Stanford monkeypox case not sex-related, raising questions about transmission


A case investigation released on Tuesday by the Centers for Disease Control reveals that a man in his 20s who sought care at Stanford Hospital tested positive for monkeypox even though he hadn’t recently engaged in sexual activity. Epidemiologists have long thought the virus is primarily being transmitted through close skin-to-skin contact.

The case also highlights the trajectory of the virus and whether it could make a jump from the LGBTQ community — which has been disproportionately affected by the virus — to the broader population via public spaces. Though it is not the first time a case has been reported that didn’t involve sexual contact — two toddlers in the state have tested positive — the CDC report offers an in-depth look into what sort of activities the Stanford man was doing before he contracted monkeypox.

“There’s been concern from the very beginning: Do we really know about other means of transmission besides intimate contact?” asked John Swartzberg, an epidemiologist from UC Berkeley. “This case reinforces that this virus can transmit in other ways.”

According to the CDC report, the man started developing monkeypox lesions on his body roughly two weeks after he attended four crowded outdoor gatherings in the United Kingdom. The man told case investigators that the events involved dancing, that many people were wearing sleeveless t-shirts and shorts, and that the gathering was not exclusively for the LGBTQ community.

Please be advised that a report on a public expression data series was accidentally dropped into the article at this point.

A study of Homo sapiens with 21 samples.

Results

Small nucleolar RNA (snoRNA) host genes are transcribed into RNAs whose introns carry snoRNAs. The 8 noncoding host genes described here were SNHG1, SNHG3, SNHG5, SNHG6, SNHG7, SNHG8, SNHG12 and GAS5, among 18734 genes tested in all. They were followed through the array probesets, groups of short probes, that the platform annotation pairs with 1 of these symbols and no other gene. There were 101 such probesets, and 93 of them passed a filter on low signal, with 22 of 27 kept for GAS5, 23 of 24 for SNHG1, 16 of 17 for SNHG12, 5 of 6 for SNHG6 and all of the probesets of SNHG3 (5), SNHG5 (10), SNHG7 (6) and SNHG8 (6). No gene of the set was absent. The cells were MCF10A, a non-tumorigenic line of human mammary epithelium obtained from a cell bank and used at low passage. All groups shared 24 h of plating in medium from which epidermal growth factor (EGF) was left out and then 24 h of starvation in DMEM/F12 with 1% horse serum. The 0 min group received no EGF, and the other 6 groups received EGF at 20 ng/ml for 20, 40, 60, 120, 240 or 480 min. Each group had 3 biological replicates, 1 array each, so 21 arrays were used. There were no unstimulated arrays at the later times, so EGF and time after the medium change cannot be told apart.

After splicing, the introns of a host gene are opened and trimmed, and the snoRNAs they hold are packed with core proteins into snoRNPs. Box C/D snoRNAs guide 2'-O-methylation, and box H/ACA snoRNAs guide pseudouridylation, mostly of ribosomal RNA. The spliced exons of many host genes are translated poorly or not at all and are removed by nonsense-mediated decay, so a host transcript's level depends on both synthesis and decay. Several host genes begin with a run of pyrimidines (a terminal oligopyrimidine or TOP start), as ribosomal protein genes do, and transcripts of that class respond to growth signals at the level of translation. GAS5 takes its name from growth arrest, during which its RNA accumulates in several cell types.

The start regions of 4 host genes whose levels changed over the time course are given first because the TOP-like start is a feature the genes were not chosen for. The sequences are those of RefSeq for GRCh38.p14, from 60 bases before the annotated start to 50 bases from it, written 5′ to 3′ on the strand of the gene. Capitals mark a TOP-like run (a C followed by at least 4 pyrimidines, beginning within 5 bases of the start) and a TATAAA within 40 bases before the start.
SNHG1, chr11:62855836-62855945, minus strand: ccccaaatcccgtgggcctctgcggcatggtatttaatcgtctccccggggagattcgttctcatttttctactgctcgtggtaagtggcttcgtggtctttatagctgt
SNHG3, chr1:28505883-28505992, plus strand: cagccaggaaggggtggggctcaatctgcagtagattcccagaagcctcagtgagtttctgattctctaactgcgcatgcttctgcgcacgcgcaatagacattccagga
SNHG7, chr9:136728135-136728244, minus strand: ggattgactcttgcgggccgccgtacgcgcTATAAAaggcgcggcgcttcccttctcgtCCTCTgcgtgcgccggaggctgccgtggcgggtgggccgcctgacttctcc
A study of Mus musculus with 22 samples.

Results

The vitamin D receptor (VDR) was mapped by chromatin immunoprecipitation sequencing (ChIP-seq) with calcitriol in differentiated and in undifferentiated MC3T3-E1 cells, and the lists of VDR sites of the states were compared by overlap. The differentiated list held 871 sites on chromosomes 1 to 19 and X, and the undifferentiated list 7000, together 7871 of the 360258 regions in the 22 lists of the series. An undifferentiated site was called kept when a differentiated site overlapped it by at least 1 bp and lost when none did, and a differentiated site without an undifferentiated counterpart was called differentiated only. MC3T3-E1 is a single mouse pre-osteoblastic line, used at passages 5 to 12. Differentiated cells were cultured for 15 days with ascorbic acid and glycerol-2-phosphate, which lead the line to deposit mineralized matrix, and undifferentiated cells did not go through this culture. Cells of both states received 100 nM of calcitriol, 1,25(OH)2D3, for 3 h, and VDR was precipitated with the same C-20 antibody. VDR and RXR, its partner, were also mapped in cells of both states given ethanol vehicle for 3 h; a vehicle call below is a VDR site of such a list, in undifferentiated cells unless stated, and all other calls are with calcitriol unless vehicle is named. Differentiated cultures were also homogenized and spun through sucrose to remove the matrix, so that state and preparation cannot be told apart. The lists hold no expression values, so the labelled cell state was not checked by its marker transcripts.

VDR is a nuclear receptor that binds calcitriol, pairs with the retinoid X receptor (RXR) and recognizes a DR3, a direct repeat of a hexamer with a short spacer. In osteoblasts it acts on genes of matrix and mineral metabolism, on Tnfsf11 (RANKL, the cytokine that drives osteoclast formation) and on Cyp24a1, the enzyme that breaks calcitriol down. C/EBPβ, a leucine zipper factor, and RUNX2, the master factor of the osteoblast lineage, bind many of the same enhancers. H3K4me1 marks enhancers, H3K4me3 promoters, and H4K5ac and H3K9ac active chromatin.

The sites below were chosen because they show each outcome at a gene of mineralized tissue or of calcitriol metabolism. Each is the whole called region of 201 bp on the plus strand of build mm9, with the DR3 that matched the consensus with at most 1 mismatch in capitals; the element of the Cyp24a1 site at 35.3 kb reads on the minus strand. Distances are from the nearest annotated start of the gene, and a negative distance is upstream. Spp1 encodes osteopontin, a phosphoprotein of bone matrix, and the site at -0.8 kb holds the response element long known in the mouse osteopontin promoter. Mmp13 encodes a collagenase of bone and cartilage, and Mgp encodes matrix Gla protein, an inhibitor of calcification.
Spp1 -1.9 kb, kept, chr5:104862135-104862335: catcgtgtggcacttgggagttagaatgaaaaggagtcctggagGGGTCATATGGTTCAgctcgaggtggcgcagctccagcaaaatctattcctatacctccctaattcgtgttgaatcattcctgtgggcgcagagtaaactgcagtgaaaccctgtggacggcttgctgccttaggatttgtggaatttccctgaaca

Nobody had any lesions at the event, the man said, and nobody appeared ill. The man also traveled on crowded trains and took two flights back to the U.S. Lesions appeared on the man’s hands, lips, chest and back, but none were reported on or near his penis. Symptoms went away almost a month after lesions first appeared.

The report states that fomites — inanimate objects that can transmit a virus, like sheets or doorknobs — may be a vector in which monkeypox can spread but requires further investigation.

For his part, Swartzberg said that there simply isn’t enough data out there to get a conclusive sense of whether the virus is transmitted through fomites or even other ways, such as respiratory droplets, which tend to spread about six feet before landing on the ground. Researchers are also investigating whether monkeypox is spread through semen.

Despite the case being an anomaly at the moment in terms of transmission, Swartzberg said it shouldn’t raise major alarm bells for the general public.

“I would not worry about going into a grocery story and somebody next to me having monkeypox,” he said. “This one case, I don’t think it changes how we conduct our daily lives.”

Art Reingold, another epidemiologist at UC Berkeley, said he wasn’t surprised by the report.

“I think one could have predicted we’d see some cases like this,” he said. “We knew that there were going to be cases of non-sexual transmission.”

In a statement, Santa Clara County’s health department said it wouldn’t comment on specific patients but said, “It is possible, but far more rare, to get monkeypox through contact with respiratory secretions and shared surfaces such as clothes, towels, or bedding.”

The Stanford incident comes as cases across the Bay Area continue to tick upwards. The Bay Area is currently reporting 921 cases, with San Francisco clocking in the highest number at 600. Santa Clara County has 106 cases, Alameda 132, San Mateo 31, Contra Costa 41 and Marin 11.

On Wednesday, Santa Clara County announced that it was following new federal guidelines from last week that help stretch the limited supply of monkeypox vaccine, known as JYNNEOS. Previously, health officials were utilizing a shot for each person; the recent recommendation now allows for a single dose to be shared among five people.